KANN Alpha is the latest in Astell&Kern’s series of powerhouse digital audio players which provide a higher level of power output than the average DAP. The Alpha succeeds KANN Cube with a smaller footprint and a lower price, but can it deliver on the same level?
The Build and Design
My first impression of the KANN Alpha was that it’s smaller than expected. While it’s quite thick, the overall dimensions don’t seem that much above average – especially if you’ve held an iBasso DX220 Max or KANN Cube any time recently. While it’s still too big to be truly pocketable, unlike some of its larger brethren, it’s not too heavy to easily hold and operate with one hand. The body is made primarily of aluminum with a matte black finish that should prove resistant to incidental damage.
The screen is a good size, and the touchscreen is responsive. There are hardware playback controls for previous, play/pause, and next, and the volume wheel has a tactile, “clicky” feel, which I really like. One of the highlights of the design is that the KANN Alpha includes both 2.5mm and 4.4mm balanced ports built into the DAP, along with the 3.5mm unbalanced. This marks the first time that Astell & Kern has used a 4.4mm port on one of their DAPs, and it’s great news, specifically for anyone with an IEM collection that features mixed terminations. Astell & Kern spent quite a bit of effort engineering and implementing the 4.4mm connection to be fully independent from the 2.5mm connection to ensure the maximum possible integrity of the signal, and eliminate any potential sources of noise from the signal chain.
The software interface is the same that we’ve come to expect from Astell&Kern. The main function of the unit is to play high resolution audio files that you’ve downloaded, copied from a computer, or have stored on an SD card. You can also install apps through the Open App Service feature which allows you to use TIDAL, Qobuz, and a selection of other apps by downloading the app onto a computer and copying it onto the player.
Astell & Kern also provides a number of settings you can configure regarding connectivity and playback, including things like changing the DAC Filter, setting EQ, or just configuring basic device settings like the screen brightness. KANN Alpha is also the first Astell&Kern player to use Bluetooth 5.0, and it supports every Bluetooth codec that you can throw at it (LDAC, aptX HD, aptX, AAC, SBC), which means you can have near lossless quality streaming to Bluetooth headphones or other devices.
The KANN Alpha has a very detailed, neutral output, which falls slightly on the “laid-back” end of the spectrum. The soundstage is also excellent. In my testing, I used a selection of headphones and IEMs including the Noble Sultan, Empire Ears Hero, Audeze LCD-X, and Meze Empyrean. I used the Mid and Low Gain setting for IEMs and the High Gain setting for headphones.
The KANN Alpha was a perfect pairing with any of the IEMs I tested it with. There was no noise or hiss (more sensitive IEMs need the Low Gain Amp setting), and there was a good amount of energy and dynamics. The neutrality meant that I felt like I was learning more about the characteristics of the IEM than the characteristics of the Alpha.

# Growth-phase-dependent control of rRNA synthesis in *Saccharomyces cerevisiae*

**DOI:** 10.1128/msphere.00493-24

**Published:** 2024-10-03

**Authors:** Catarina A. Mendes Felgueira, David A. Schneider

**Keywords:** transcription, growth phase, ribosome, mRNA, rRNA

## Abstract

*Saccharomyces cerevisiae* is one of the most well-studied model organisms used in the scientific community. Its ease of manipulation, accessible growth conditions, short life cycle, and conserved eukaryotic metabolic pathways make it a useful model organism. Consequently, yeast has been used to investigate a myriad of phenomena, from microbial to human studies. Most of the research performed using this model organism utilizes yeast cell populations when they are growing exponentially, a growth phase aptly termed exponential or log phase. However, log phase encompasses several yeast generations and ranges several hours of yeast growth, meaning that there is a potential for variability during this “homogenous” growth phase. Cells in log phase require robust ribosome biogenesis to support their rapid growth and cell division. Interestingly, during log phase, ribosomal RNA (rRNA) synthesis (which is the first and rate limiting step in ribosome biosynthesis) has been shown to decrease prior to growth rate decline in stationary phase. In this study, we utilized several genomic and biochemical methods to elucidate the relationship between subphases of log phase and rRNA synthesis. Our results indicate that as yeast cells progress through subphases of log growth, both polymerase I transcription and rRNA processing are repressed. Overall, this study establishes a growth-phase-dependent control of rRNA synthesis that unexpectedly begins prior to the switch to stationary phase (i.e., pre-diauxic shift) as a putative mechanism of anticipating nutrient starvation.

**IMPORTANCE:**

Some of the easier to drive dynamic headphones I had available, like the Meze 99 Classics, performed similarly to the IEMs: the Alpha felt like a completely transparent canvas on which I could listen to the headphones, without the DAP adding its own color and tone. With the heavier hitters, the Alpha had to work a little bit harder, but it still managed to drive both the Empyrean and LCD-X to a satisfying level using the unbalanced output. I was particularly impressed at the level of physical response the Alpha elicited at about 50% volume on the unbalanced, and how well it could drive moderately powerful planar magnetic headphones. Using the balanced output it drove the Meze Empyrean essentially to perfection, with the sort of impact and response I would have expected out of a desktop amp.
Comparison: Astell&Kern SE200
The Astell&Kern SE200 has become one of my favorite DAPs for listening to IEMs. The general sound signature is similar to the KANN Alpha, but while the Alpha is neutral and more relaxed, the SE200 has a touch more brightness and a more forward, energetic presentation. In terms of features, the SE200 has a larger screen, and two separate DAC channels which gives it some added versatility. The SE200 also has a bit more flexibility in your tonal options by providing a larger total number of DAC filters. The SE200 also has the advantage of being pocketable, while the Alpha is portable, but would need to be stored in a bag or backpack or jacket.
Functionally speaking, the edge that the Alpha has are its Low/Mid/High Gain selector, and its higher maximum power output. It has the ability to drive headphones at a level the SE200 can’t quite match. In our review of the SE200, we were impressed at its ability to drive more difficult planar magnetic headphones, but the Alpha takes it to the next level. While the SE200 definitely generated a good response and some impact from the Empyrean, the balanced channel on the Alpha provides desktop level power for driving over ear headphones.
For IEMs, and for overall sonic versatility, the SE200 still has the edge, but if you need a DAP to drive over-ear headphones, the KANN Alpha does the best job of driving headphones of any DAP currently on the market that we’ve tested.
The Bottom Line
KANN Alpha is, without a doubt, a worthy successor to the KANN Cube. Its neutral response helps bring out the best in your headphones, and its well tuned power output ensures that it works with a range of gear from sensitive IEMs to power hungry headphones. And priced at only $1099, the KANN Alpha just may be the best overall value in Astell&Kern’s lineup.